Spaceflight Now: Breaking News

Mars orbiter checks out landing site for future probe
Posted: January 15, 2001

On December 20, the European Space Agency (ESA) announced the selection of a landing site for the British Mars lander, Beagle 2, that will be carried to the red planet aboard ESA's Mars Express orbiter in 2003.

Landing ellipse overlay on Mars Global Surveyor MOC camera Wide Angle Color Mosaic. Photo: NASA/JPL/Malin Space Science Systems
The landing is currently scheduled for December 26, 2003. The landing site is centered near 11 deg N, 270 deg W, in eastern Isidis Planitia. The name, Isidis Planitia, refers to the broad, relatively flat plain that covers the floor of an extremely ancient, large basin formed by an asteroid or comet impact perhaps more than 4 billion years ago. The floor of this basin exhibits chains of pitted ridges, numerous smaller meteor impact craters, and a variety of light-toned ripples and small dunes.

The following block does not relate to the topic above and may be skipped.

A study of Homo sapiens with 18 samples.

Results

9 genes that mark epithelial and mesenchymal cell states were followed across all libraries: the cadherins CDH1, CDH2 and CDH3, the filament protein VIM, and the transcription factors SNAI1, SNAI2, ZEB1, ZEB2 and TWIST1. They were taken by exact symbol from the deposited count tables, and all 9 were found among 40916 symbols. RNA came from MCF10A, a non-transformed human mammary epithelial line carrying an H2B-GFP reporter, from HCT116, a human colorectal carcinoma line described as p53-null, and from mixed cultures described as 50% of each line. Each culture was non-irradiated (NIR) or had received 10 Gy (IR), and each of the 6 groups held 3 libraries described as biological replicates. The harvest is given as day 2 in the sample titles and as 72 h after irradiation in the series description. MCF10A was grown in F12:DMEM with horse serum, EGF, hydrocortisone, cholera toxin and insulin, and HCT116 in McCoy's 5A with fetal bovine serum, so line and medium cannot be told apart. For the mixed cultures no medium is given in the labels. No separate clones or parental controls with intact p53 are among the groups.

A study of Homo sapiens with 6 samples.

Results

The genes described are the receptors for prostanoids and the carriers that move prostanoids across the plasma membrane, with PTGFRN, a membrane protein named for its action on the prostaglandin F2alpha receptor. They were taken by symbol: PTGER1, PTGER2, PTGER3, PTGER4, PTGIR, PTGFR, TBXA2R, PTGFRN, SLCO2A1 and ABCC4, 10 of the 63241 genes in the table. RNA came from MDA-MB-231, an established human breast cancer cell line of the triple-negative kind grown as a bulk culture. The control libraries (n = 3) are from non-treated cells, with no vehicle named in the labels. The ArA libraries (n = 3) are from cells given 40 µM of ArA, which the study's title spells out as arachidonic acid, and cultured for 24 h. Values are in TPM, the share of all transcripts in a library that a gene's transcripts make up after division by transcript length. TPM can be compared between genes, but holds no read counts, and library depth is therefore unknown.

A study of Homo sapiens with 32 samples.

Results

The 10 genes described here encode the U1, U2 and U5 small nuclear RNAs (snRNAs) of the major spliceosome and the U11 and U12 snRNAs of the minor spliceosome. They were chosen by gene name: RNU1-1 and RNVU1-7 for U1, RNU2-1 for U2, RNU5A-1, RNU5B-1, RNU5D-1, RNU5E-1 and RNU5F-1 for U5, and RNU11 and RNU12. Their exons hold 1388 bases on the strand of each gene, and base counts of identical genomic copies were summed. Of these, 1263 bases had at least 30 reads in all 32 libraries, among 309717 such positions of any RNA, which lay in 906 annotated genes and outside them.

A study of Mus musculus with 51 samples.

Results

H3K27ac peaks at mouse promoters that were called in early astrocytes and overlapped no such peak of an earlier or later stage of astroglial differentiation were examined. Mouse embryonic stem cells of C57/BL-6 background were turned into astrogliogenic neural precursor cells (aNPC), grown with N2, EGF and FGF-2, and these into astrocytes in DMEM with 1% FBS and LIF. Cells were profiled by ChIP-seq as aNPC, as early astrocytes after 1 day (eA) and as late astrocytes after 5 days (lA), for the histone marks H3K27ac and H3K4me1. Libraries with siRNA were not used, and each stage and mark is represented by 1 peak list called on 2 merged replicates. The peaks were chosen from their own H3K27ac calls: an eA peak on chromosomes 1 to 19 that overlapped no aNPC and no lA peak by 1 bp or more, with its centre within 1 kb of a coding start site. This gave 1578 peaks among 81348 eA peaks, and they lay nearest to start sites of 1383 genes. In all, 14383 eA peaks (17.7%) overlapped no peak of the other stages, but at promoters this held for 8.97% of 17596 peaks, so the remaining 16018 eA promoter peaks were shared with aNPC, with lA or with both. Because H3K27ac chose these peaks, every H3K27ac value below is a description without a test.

In this two-part Mars Global Surveyor (MGS) Mars Orbiter Camera (MOC) data release, the MOC Team at Malin Space Science Systems (MSSS) presented all available MOC image products as well as MGS Mars Orbiter Laser Altimeter (MOLA) shaded relief maps and Viking Orbiter views of the Beagle 2 landing site. These products are being used by the MOC Team to help determine where new MOC narrow angle images need to be acquired during the MGS Extended Mission phase that will run from February 2001 to April 2002.

Below are two zoomed in views of the landing zone.

MOC narrow angle view of the Beagle 2 landing site region. Photo: NASA/JPL/Malin Space Science Systems

Another MOC narrow angle view of the Beagle 2 landing site region. Photo: NASA/JPL/Malin Space Science Systems

Malin Space Science Systems and the California Institute of Technology built the MOC using spare hardware from the Mars Observer mission. MSSS operates the camera from its facilities in San Diego, CA. The Jet Propulsion Laboratory's Mars Surveyor Operations Project operates the Mars Global Surveyor spacecraft with its industrial partner, Lockheed Martin Astronautics, from facilities in Pasadena, CA and Denver, CO.